Friday, January 23, 2009

An Obama 'bounce' for students?

Barack Obama has been president less than a week but professors from Vanderbilt, Northwestern and San Diego state universities say they’ve already documented the “Obama effect” on black students.

They gave a 20-question test, gleaned from the Graduate Record Exam, to blacks and whites before Obama’s nomination and after his acceptance speech, and again after the presidential election. On the initial test last summer, whites on average correctly answered about 12 of 20 questions, compared with about 8.5 correct answers for blacks. But on the tests administered immediately after Obama's nomination acceptance speech, and just after his election victory, black performance improved, rendering the white-black gap “statistically nonsignificant,” researchers said.


Harvard professor Ronald F. Ferguson, who studies the achievement gap, wasn't surprised. He said there is "empirical support for the proposition that Obama's election could increase the sense of competence among African-Americans, and it could reduce the anxiety associated with taking difficult test questions.” In SAT test score comparisons in past years, researchers have found that blacks performed significantly poorer when asked at the start to fill out a form identifying themselves by race.
The study has not yet undergone peer review, and academics said they would be interested to see if other researchers would be able to replicate its results.
A lot of teachers, parents, politicians and others are likely anxious too.

4 comments:

Teresa said...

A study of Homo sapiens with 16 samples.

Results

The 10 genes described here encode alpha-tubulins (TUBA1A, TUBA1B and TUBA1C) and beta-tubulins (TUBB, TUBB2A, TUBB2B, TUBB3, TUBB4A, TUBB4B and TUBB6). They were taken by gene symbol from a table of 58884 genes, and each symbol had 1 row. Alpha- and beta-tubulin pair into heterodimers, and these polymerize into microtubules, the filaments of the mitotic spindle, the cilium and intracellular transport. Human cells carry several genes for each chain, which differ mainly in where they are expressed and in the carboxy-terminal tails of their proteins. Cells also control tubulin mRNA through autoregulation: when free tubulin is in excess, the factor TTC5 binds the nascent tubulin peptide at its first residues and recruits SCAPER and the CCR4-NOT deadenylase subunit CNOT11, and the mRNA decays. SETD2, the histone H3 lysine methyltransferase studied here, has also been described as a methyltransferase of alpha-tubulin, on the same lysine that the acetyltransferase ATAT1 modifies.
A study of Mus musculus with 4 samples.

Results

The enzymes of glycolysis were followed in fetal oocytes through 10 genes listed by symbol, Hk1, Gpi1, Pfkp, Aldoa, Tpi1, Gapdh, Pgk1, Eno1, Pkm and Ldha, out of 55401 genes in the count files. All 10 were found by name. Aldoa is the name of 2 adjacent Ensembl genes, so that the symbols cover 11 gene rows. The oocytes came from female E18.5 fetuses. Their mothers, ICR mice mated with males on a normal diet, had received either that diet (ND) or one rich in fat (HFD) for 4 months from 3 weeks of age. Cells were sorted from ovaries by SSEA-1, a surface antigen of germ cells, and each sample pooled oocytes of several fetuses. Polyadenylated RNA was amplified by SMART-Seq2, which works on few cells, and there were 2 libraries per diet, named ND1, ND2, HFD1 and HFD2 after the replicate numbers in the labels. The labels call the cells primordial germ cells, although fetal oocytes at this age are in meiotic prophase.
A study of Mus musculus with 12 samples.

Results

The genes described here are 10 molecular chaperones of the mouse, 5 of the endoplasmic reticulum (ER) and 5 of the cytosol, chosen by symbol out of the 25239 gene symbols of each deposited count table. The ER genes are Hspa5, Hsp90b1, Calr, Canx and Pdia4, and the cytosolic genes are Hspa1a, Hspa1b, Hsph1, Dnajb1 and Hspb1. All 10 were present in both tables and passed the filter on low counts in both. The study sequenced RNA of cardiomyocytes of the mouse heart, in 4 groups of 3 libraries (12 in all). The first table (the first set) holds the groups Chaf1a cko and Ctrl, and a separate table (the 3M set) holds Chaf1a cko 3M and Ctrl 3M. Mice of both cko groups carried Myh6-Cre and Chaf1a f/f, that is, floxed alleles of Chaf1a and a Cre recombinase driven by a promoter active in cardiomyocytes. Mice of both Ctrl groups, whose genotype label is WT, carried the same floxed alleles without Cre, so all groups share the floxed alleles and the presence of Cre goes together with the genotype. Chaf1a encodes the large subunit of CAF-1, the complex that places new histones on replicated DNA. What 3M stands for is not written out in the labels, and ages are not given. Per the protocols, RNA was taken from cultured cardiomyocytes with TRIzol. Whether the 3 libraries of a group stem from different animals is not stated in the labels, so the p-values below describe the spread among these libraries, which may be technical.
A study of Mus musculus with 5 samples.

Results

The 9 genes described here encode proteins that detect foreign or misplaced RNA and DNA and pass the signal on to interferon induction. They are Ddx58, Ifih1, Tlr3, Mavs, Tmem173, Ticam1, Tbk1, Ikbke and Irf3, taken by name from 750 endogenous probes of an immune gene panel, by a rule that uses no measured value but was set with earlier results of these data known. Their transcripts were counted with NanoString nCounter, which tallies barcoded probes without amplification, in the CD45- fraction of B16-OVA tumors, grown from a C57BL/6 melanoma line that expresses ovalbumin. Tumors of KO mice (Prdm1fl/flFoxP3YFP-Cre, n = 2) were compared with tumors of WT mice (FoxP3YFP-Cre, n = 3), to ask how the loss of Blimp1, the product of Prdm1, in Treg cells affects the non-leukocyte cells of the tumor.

that is great but people lets not make this a black and white all kids should be treated the same and not just point out the black children white kids should be a part of this too. This country has come to far to now go back in time to black and white.

barkomomma said...

"tests administered immediately after Obama's nomination acceptance speech, and just after his election victory, black performance improved, rendering the white-black gap 'statistically nonsignificant'"

So all it took was to elect a "black" man as President and suddenly intelligence for that demographic shot up?

Yeah, I'm buying that.

Anonymous said...

I think that the most significant point in this column is the following statement: "In SAT test score comparisons in past years, researchers have found that blacks performed significantly poorer when asked at the start to fill out a form identifying themselves by race."
It seems that almost everything in Charlotte is examined and judged through the lens of race, most notably on the pages of the Observer. Perhaps if we ceased this practice we would see better outcomes all around.

Becky said...

If they don't identify themselves by race, then all these race-war hate mongerers would have no ammunition! That'll never happen. Too many people get too much attention for their whining.